Delphi’s Vienna, OH facility annually moves about 10 million lb of more than 80 different materials from this central area to 120 molding machines.

Rob Neilley

March 1, 2005

4 Min Read
WEB EXCLUSIVE: Plant design: A team sport

Delphi’s Vienna, OH facility annually moves about 10 million lb of more than 80 different materials from this central area to 120 molding machines.

The 24/7 production of connectors, housings, and connector assemblies is done with as few as 18 operators per day.

Delphi is using only all-electric Milacron-Fanuc machines in its new plant. Savings in investment costs, operating costs, and cycle times are motives, but above all they fit a production plan that stems from the mold/material combo.

IMM has been in several Delphi molding plants, most recently the new Delphi Connection Systems plant in Vienna, OH (September 2004 IMM). Each of them was so well organized that it was clear a lot of good planning went into it. We asked them how they do it.

In planning the Vienna plant, a greenfield site with 120 new Milacron-Fanuc electric machines, Delphi used its plant in Cortland, OH, as a template. When Cortland opened four years ago it set new benchmarks for efficiency and lean operation—cutting scrap by 68% and tool change time by 75%. That’s a tough act to follow, never mind top, but the Vienna plant did it. Opened five months ahead of schedule, it handles more parts and resin with fewer people and less floor space. Cycle times are faster, accuracy is greater, and the plant is greener.

Greg Pachol, Delphi’s manager of North American molding projects, says that before planning was even begun, an upfront global search was done for emerging industrial innovations. Those that made the most sense were adopted, whether used in plastics processing or not. The actual planning process begins by forming a team of process and production engineers, people with floor manufacturing experience such as quality systems specialists, production control engineers, and others.

Early Stages Count a Lot

The team first considers corporate strategy, localization, and the products to be made. It defines the business goals, does a projection and analysis of profit and loss, and sets manufacturing goals using lean manufacturing and other metrics.

Then it defines the production process for already-defined products. Pachol says Delphi knows it has a significant ability to impact long-term operating costs in the early stages. Once the process is set up, though, it’s harder to have a big impact, so they put in the work and the thinking up front.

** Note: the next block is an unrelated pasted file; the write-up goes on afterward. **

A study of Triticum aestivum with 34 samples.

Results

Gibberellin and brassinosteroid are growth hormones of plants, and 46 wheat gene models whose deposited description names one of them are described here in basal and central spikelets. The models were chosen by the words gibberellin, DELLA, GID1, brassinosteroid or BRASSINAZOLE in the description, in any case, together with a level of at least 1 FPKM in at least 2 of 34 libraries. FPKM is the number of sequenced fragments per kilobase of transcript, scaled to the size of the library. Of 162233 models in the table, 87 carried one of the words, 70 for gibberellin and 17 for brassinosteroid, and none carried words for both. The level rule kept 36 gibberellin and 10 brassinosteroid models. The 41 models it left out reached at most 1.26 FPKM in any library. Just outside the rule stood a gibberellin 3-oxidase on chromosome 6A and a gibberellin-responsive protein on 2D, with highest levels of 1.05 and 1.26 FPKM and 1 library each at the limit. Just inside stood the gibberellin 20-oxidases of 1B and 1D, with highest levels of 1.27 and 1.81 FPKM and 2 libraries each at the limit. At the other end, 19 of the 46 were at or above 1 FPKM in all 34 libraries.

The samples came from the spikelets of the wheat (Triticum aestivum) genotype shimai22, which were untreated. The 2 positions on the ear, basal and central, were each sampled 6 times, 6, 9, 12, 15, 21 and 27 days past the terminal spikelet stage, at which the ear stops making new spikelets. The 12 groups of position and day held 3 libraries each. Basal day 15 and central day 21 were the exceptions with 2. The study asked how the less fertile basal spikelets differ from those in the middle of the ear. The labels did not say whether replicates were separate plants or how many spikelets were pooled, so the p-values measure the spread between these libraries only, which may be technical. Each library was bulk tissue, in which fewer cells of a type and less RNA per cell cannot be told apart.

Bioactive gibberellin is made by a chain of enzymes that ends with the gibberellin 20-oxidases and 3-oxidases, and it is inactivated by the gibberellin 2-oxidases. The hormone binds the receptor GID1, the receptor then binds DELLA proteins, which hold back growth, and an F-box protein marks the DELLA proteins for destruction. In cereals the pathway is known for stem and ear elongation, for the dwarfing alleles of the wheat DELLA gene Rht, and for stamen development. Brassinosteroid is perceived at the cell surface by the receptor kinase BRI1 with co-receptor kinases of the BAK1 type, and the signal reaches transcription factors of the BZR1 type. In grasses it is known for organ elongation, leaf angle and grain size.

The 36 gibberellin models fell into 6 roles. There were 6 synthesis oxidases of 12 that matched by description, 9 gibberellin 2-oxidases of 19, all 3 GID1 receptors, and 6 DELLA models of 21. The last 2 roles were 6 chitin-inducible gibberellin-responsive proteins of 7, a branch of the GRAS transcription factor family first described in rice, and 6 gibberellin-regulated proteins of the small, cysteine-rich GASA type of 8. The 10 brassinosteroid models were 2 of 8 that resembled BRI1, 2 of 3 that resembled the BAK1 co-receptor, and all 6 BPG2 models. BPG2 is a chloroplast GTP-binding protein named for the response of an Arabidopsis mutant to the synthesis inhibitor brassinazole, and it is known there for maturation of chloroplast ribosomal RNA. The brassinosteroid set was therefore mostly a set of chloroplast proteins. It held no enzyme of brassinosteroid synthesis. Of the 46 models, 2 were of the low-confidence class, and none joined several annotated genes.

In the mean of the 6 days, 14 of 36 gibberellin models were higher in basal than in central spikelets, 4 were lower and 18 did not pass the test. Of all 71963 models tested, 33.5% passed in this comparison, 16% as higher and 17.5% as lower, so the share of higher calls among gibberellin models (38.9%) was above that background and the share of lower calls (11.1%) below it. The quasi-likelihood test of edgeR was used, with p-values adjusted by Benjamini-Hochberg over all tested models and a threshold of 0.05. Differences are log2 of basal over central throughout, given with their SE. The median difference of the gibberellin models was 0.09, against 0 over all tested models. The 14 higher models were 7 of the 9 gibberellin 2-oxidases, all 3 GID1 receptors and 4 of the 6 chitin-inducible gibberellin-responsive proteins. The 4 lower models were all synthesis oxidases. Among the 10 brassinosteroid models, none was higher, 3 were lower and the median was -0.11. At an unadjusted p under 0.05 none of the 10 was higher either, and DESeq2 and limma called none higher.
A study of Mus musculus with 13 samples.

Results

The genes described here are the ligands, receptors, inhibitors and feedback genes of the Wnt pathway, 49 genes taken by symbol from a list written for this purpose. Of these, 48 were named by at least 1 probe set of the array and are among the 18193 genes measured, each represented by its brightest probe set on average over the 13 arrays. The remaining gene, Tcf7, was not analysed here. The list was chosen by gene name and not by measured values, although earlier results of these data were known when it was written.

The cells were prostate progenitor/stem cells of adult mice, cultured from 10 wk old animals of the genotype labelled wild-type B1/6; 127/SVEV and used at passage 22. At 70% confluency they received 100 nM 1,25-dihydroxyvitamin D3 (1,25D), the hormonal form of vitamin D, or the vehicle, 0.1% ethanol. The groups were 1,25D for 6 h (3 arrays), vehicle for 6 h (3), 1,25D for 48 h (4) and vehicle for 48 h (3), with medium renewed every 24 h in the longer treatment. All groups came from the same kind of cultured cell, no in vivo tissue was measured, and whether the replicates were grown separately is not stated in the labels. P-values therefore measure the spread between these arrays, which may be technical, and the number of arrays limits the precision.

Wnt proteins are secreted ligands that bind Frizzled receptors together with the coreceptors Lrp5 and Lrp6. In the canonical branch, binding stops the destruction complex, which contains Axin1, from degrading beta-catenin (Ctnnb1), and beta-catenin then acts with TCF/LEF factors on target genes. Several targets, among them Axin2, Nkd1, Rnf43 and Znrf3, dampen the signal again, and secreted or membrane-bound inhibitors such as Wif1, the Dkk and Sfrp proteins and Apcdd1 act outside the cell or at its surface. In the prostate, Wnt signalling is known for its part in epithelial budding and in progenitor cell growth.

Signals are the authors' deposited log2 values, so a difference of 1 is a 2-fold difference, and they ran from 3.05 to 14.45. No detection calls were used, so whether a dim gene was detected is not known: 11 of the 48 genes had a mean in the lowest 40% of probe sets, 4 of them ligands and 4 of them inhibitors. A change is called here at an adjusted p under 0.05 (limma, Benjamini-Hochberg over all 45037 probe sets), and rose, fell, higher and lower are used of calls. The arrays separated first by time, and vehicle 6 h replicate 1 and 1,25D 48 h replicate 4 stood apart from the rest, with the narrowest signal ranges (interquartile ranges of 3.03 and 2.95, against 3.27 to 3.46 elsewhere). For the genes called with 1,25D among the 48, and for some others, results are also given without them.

Pachol says Delphi’s plastics production philosophy centers on the tooling. Accompanied by relevant materials information, it is the tool that drives machine size, which in turn drives the plant configuration and, ultimately, the whole facility. Therefore, a thorough cost analysis is done on factors such as cavitation, whether or not to use hot runners, and so forth.

The overall site is then computer modeled, taking into account ergonomics and movement of goods and people. In parallel, a services model is developed for air, water, lighting, power, air conditioning, etc. The support needed outside the production cells is defined, such as toolmaking and preventive maintenance. Issues considered include whether the machines should be electric or hydraulic and how much heat the machines will release in the plant.

Next comes actual production economics. The objective is to create as lean a cell as possible, concentrating on a smooth, uninterrupted workflow that Pachol says is tuned to customer demand. The flow through the whole facility is analyzed to see that it matches demand. Alternatives are listed and life-cycle costs are calculated on a per-piece basis for comparison.

Looking at a Delphi plant such as Vienna with its AGVs and extensive robotics, one could be misled. Yes, the company obviously believes in automation, but Pachol says a particular process could be very manual if that is the best solution.

Using machine, materials, operator, and workflow data, the team starts thinking about plant layout and design. A number of alternate proposals are considered and a lot of weight is given to future growth projections. Pachol says economies of scale are critical and care is taken to not exceed the point of diminishing returns on investments.

The optimized arrangement of machines and workflow are then given to the building design specialists with information on ceiling heights, machine loading, mold handling, and so forth.

The company looks to standardize on molding machines, material handling systems, and everything else, but suppliers have to meet predetermined specifications.

There is a lot of detail in the plan. Will material be precolored or masterbatched? Will reclaiming be central or machine-side? What about redrying if it’s at the machine? Pachol says all this production information is saved and there is an internal website where the best plastics production practices can be referenced.

These best practices are not static, but meant to be improved. Pachol says the best solution will vary around the world due to wage and utility rates and different suppliers. All variations become part of the knowledge base. Delphi’s overall approach is this: Here’s the best way we’ve found to do X—so far. Use it as a guideline and if you improve it or add something, put it onto the website.